Manchester University on Friday honored the first 50 students to receive doctor of pharmacy degrees after completing four years of classes on the school’s Fort Wayne campus.
"The world will be better as a result of these Manchester graduates," Dean Raylene Rospond said.
Graduation ceremonies for all 272 students earning Manchester undergraduate and graduate degrees this spring semester are scheduled for today at the Wabash County campus.
But it was the pharmacy school graduates who took center stage Friday at the Parkview Mirro Center for Research and Education. During a luncheon ceremony, the newly minted pharmacists received the olive green hoods, or ornamental scarves that signify by their color the type of degree being conferred.
They also stood and recited the pharmacist’s oath, during which they vowed their primary concerns will be "the welfare of humanity and relief of suffering."
Richard Ekanem, class president, had suffering on his mind when he faced the audience of more than 400 and admitted he was suffering from stage fright.
"I probably should have taken that beta blocker," he said to the delight of his classmates and faculty. Beta blockers are prescription drugs that lower blood pressure.
Ekanem, who was chosen by fellow students to receive the Manchester Excellence Award, assured his peers that after graduating from what he considers to be one of the best pharmacy schools in the country, they "are prepared to tackle anything."
Andrea Whitaker was given the Dean’s Excellence Award for having the highest academic performance in the class. She graduates summa cum laude.
The College of Pharmacy, which is housed in a $20 million, 80,000-square-foot building, opened at the Parkview Regional Medical Center campus in August 2012.
The Indianapolis-based Lilly Foundation awarded then Manchester College $35 million in 2010 to help launch the pharmacy school. It was the largest gift Manchester had ever received and the largest Lilly grant awarded that year.
Over the years, Manchester has established a strong reputation in the sciences, giving graduates a solid foundation for medical or graduate school. Fort Wayne provided a natural location for the College of Pharmacy because students could easily get practical experience by working in Parkview Health or Lutheran Health Network hospitals or in various retail pharmacies.
Manchester’s 2009 announcement that it planned to open a pharmacy school here was enthusiastically received by local economic development officials, who had made it a goal to attract education programs that award professional degrees.
John Sampson, president and CEO of the Northeast Indiana Regional Partnership, was among those who supported Manchester’s efforts to launch the school and get it accredited.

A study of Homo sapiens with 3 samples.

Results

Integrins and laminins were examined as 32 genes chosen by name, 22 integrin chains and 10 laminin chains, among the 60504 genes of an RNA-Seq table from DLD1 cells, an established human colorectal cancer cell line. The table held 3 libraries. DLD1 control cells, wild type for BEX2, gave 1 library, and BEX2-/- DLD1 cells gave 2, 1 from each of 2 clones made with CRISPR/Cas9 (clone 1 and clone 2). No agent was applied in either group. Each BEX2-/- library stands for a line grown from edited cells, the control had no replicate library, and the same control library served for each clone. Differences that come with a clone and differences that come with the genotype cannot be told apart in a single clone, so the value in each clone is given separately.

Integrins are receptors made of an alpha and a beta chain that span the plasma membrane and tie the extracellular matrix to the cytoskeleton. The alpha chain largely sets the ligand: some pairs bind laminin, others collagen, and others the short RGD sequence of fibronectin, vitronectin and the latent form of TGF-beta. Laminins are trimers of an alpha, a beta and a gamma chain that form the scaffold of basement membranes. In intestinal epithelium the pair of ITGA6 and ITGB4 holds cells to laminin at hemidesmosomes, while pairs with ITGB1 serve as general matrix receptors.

"This is incredible news for our region," Sampson said Friday about the program’s first graduating class.
Pharmacy students develop relationships with local professionals and employers when they do on-the-job training, he said. By attracting and retaining highly skilled students to study in Fort Wayne, the region has a better chance of getting those professionals to settle here for the long term.
"And that’s what we need," he added.
Molly Grasberger is one of those highly capable local students who seemed destined to leave the region.
The North Side High School graduate tweaked her undergraduate plans after reading a newspaper article about Manchester’s plan to launch a pharmacy school.
"I took a chance that I’d get in and could stay close to my friends and family," she said after the ceremony.
The daughter of one nurse and niece of another always knew she wanted to go into the health care profession. Grasberger, 25, likes that pharmacists interact with patients regularly – with no appointment required.
"They say we’re a very trusted health care professional," she said. "And that’s very important to me."
Grasberger will leave the state after graduation but hopes to return after a one-year residency in Tulsa, Oklahoma. The newlywed is taking additional training with the goal of being able to accompany physicians when they make patient rounds in hospitals.
A decade ago, almost anyone who wanted to study beyond the master’s level had to leave northeast Indiana to attend classes. Since then, Indiana Tech built a $15 million law school in Fort Wayne and numerous other educational institutions have added doctoral programs.
Purdue University and Butler University are the only other institutions in the state awarding doctorates in pharmacology. Both are in central Indiana.
More than 90 percent of Manchester’s graduating pharmacists have jobs or additional training lined up, Rospond said. The rest are sifting through multiple offers while they decide where they want to live.
Of those who are decided, almost half are staying in Indiana; the rest are moving to 14 other states, according to information from the dean’s office. One-third of the students who are staying in state will be in northeast Indiana.